Friggin’ Canada Fires!

From Mayor’s Office:

The City of Bridgeport EOC is monitoring an area of very dense smoke positioned throughout Upstate New York and northern Pennsylvania. This area of dense smoke is forecast to move into Connecticut over the next few hours with higher smoke density expected than what was observed yesterday. AQI values will likely stay between 150-200PM2.5 however within the highest concentrations of smoke the AQI level could possibly increase to “very unhealthy” with is an AQI value over 200PM2.5

At 10:16 AM EDT the National Weather Service has issued the following for our area:

10:16 AM EDT Wednesday, June 7, 2023:


The Connecticut Department of Energy and Environmental Protection has issued an Air Quality Action Day for the following counties: Fairfield, New Haven, Middlesex, New London. until midnight EDT tonight.

An Air Quality Action Day means that Fine Particulates within the region may approach or exceed unhealthy standards. For additional information, please visit the Connecticut Department of Energy and Environmental Protection Web site at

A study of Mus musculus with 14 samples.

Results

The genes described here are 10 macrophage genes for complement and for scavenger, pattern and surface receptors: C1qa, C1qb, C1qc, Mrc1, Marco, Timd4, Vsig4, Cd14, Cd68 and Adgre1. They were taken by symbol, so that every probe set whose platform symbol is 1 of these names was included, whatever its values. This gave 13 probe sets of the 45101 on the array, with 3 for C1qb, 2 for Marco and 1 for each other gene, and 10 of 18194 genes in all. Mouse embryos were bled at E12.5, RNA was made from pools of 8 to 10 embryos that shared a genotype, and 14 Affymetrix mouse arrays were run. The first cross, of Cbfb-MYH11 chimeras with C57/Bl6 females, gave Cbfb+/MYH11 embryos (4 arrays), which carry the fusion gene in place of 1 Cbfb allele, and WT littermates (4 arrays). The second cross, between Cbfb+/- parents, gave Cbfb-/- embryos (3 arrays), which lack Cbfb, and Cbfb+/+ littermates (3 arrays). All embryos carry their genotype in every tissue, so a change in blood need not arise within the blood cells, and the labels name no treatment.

So what does this mean? Air quality levels in outdoor air are predicted to be greater than an Air Quality Index value of 100 for the pollutant of Fine Particulates. The Air Quality Index, or AQI, was created as an easy way to correlate levels of different pollutants to one scale. The higher the AQI value, the greater the health concern.

Mayor Ganim stated, “I greatly recommend all residents of the City of Bridgeport to take caution when having to leave their homes today, due to the air quality alert. Please be advised that being outside for prolonged periods of time is currently not safe and I implore everyone to monitor their health during the time of which the air quality is issued.”

When pollution levels are elevated, the City of Bridgeport Department of Public Health & EOC recommends that individuals consider limiting strenuous outdoor physical activity to reduce the risk of adverse health effects. People who may be especially sensitive to the effects of elevated levels of pollutants include the very young, and those with preexisting respiratory problems such as asthma or heart disease should consider remaining indoors. Those with symptoms should consider consulting their personal physician on other steps to take to minimize the effects of poor air quality.